January 05, 1989|SAM FARMER and BETSY BALSLEY | Times Staff Writer

Paul Matijasevic didn't fit the bill as a skate rat.

At 6 feet, 5 inches, Matijasevic towered over his boarding buddies. His skateboard resembled an emery board under his size-15 sneakers. He didn't even like the pounding, discordant strains of the "thrash rock" that pulsed from his friends' oversized boom boxes.

Still, one glance at Matijasevic's freshman report card at Crescenta Valley High proved that he was spending far more time cruising the La Crescenta pavement than pounding the books.

"After school I would just take the board and go," said Matijasevic, who posted a 1.0 grade-point average his first semester. "My parents would ground me and take my board away but I would end up buying a new one. It was a big quarrel."

Matijasevic's favorite game was to lie supine on his board and barrel down a steep street in a position aptly dubbed "the coffin." Two years ago, he says, a friend followed in a car and proudly informed him that the 6-5 inch missile was traveling at 50 m.p.h.

One neighbor, John Goffredo, saw more than a gangly, apathetic kid in Matijasevic. Goffredo, boys' basketball coach at Crescenta Valley, saw a project.

Today, Matijasevic is 2 inches taller and his grade-point average is 2 full points higher. The junior laughs about the times when his distaste for school was rivaled only by his disdain for a haircut.

And although Matijasevic's skills on the hardwood are not as practiced as his moves on a plywood skateboard, he has earned a position as a starting forward for the Falcon varsity. He averages 11 points and 10 rebounds a game and recently was named to the all-tournament team at the Eldorado tournament.

Basketball, however, was not an instant panacea for Matijasevic. In fact, he almost quit his freshman season.

"He didn't care for the discipline," Goffredo said. "Now he realizes the end product. Nobody likes to be yelled at, chewed on or pushed, but he understands."

Matijasevic, who stood 6-4 as a seventh-grader, was lumbering up a hill--skateboard in hand--when he had his first encounter with Goffredo. The coach asked him if he spent much time on the court, or was planning to do so. In an attempt to stave off Goffredo's interest, Matijasevic said that he planned to attend St. Francis High and did not intend to play basketball.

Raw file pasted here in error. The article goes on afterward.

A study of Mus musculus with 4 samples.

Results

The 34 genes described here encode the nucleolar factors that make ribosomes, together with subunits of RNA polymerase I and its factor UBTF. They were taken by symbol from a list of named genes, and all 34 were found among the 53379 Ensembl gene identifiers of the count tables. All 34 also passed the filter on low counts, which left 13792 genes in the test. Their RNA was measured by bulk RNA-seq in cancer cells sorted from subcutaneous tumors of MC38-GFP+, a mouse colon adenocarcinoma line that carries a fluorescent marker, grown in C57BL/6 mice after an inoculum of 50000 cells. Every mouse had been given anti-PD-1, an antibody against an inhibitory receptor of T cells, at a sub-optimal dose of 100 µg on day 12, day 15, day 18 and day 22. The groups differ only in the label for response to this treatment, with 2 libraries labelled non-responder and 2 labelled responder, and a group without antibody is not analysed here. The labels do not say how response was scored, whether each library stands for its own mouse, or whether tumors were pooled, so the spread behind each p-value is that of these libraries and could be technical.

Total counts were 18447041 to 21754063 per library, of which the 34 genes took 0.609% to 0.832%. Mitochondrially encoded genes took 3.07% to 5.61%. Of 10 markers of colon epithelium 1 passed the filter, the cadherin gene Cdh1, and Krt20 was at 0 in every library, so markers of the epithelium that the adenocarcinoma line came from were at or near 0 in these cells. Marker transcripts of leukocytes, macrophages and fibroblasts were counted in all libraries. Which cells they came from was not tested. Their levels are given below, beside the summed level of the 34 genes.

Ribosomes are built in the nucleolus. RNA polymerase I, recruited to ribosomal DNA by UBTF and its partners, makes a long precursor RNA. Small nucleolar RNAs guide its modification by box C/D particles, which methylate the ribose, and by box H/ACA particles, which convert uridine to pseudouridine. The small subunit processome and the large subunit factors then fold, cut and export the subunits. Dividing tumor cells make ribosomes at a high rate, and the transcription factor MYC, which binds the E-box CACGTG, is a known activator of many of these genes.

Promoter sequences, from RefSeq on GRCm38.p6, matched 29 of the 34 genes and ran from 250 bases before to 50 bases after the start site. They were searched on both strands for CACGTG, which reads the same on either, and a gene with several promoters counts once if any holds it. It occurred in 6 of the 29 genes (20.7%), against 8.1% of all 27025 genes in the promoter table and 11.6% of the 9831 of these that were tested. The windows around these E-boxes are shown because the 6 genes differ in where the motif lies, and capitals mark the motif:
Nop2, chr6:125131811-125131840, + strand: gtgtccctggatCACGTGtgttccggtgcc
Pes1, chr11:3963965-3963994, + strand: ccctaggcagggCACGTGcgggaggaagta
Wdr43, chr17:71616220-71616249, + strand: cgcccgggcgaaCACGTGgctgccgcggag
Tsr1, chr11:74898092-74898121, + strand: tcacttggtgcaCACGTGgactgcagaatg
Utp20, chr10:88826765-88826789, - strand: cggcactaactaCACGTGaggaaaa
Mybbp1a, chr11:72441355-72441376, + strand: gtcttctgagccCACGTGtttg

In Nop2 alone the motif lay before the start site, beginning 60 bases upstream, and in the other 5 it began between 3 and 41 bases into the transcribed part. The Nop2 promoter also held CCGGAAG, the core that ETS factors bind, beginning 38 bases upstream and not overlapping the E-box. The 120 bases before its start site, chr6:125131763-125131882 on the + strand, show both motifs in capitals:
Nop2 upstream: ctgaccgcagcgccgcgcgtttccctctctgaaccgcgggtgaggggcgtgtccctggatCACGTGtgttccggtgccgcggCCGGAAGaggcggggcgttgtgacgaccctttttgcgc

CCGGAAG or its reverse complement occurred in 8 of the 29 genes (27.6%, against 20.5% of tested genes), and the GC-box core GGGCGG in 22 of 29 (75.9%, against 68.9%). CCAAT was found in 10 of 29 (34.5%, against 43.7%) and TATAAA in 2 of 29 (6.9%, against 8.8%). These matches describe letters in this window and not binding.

The coach did not push the issue.

"I knew I had to hook him first," he said. "I had to get him to like the sport."

Matijasevic said that he enrolled at Crescenta Valley because his grades were too low for St. Francis. Matijasevic cannot pinpoint a reason why, but he decided to try out for the Falcons' summer league team.

Goffredo was eager to get Matijasevic on his varsity squad, but he knew the youngster would need time to develop into an impact player.

He was right. Matijasevic wallowed through his freshman season with the zeal of a garden slug. He played his sophomore year, too, with minimal emotion and effort.

Matijasevic says that his laziness was attributable to the size disparity between himself and smaller players.

"I felt like such a dominator," he said. But true domination was a long way off.

Last spring, however, expecting to be bumped up to varsity, he approached the sport with a new dedication. He got up at 6 each weekday morning and worked out alone at the school gym.

Matijasevic was still second string when Crescenta Valley played South Pasadena in a summer league game. Goffredo started the second unit and promised not to pull the players unless they were overwhelmed. The second stringers did not falter and Matijasevic has been a starter ever since.

Matijasevic has not climbed into the coffin lately, but he hasn't renounced his wild past, either. In fact, he says the coordination he developed skateboarding has benefitted him on the court.

"I used to do tricks like flipping the board up and grabbing it--little nicky-nacky tricks--but it really helped," Matijasevic said.

Now, Matijasevic is hoping to help Crescenta Valley contend for a league championship.

"He used to have long hair and hide behind it and now he's got something to offer," Goffredo said. "The kid did a 180 (degree turn) because of basketball and I'm proud of that."